Who says a stationary cycle can’t take you places? For thousands of students at 89 universities across the United States who ride them during the Pi Kappa Alpha Taylor Trudeau Cycle for Life fundraisers, it’s their way of moving cancer research farther down the road.
On July 23, 2007, Taylor Trudeau, sergeant at arms for the Gamma Mu Chapter of the Pi Kappa Alpha (Pike) fraternity at the University of New Hampshire, was diagnosed with acute myeloid leukemia. His physician sent the 20-year-old to MD Anderson for treatment, which included two stem cell transplants over the next year.
“Taylor was Mr. Pike,” says Leslie Trudeau, Taylor’s mother. “While he was at MD Anderson, he would get letters and packages every day from his brothers throughout the organization.”
Despite a courageous battle, Taylor died on Aug. 17, 2008, when the second stem cell transplant failed. To honor Taylor, the Trudeaus and Pikes founded the Pi Kappa Alpha Taylor Trudeau Cycle for Life, a nonprofit organization with a single focus: to raise funds to find a cure for the disease that took their beloved son and fraternity brother.
The first Cycle for Life was held shortly after Taylor’s death and raised $4,000. As excitement about the stationary cycle fundraiser traveled from campus to campus, more events were held. In 2013, the organization pledged $250,000 to support the research of Dean Lee, M.D., Ph.D., associate professor of Pediatric Patient Care at the MD Anderson Children’s Cancer Hospital.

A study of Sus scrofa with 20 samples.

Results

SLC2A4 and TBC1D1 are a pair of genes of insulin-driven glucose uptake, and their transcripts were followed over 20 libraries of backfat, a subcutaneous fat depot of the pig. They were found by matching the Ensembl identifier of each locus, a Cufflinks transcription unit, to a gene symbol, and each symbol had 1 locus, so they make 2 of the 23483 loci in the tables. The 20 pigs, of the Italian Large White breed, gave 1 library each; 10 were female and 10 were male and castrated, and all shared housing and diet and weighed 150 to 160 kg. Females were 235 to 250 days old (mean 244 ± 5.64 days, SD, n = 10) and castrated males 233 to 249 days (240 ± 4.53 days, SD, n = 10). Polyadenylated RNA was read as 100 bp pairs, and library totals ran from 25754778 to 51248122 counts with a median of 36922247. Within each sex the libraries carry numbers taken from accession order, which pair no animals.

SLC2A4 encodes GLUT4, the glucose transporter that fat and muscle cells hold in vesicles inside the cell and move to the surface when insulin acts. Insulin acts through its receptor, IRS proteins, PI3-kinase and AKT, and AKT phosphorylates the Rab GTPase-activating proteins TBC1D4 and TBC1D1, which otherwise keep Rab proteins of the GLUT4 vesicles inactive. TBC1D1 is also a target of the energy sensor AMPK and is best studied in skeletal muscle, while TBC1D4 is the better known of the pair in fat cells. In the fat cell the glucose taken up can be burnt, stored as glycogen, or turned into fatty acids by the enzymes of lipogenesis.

"Receiving this gift was completely unexpected and so timely,” says Lee. “My laboratory had spent three years developing a method for growing tumor-fighting, natural killer cells as a treatment for patients with cancer. We were just a few months from opening the study, but had no funding. I'm grateful that the Trudeaus could see the potential of this approach and partner with us to get this study going.”
To honor Taylor’s memory and the Trudeaus and Cycle for Life teams for their generous financial commitment, MD Anderson has named the Children’s Cancer Hospital waiting area The Pi Kappa Alpha Taylor Trudeau Cycle for Life Waiting Area.
“Taylor would just be amazed,” says Leslie. “He received most of his treatment there. Even though he endured so much, he always had a special place in his heart for the children he saw going through the same thing.”
Learn more at taylorcycleforlife.org.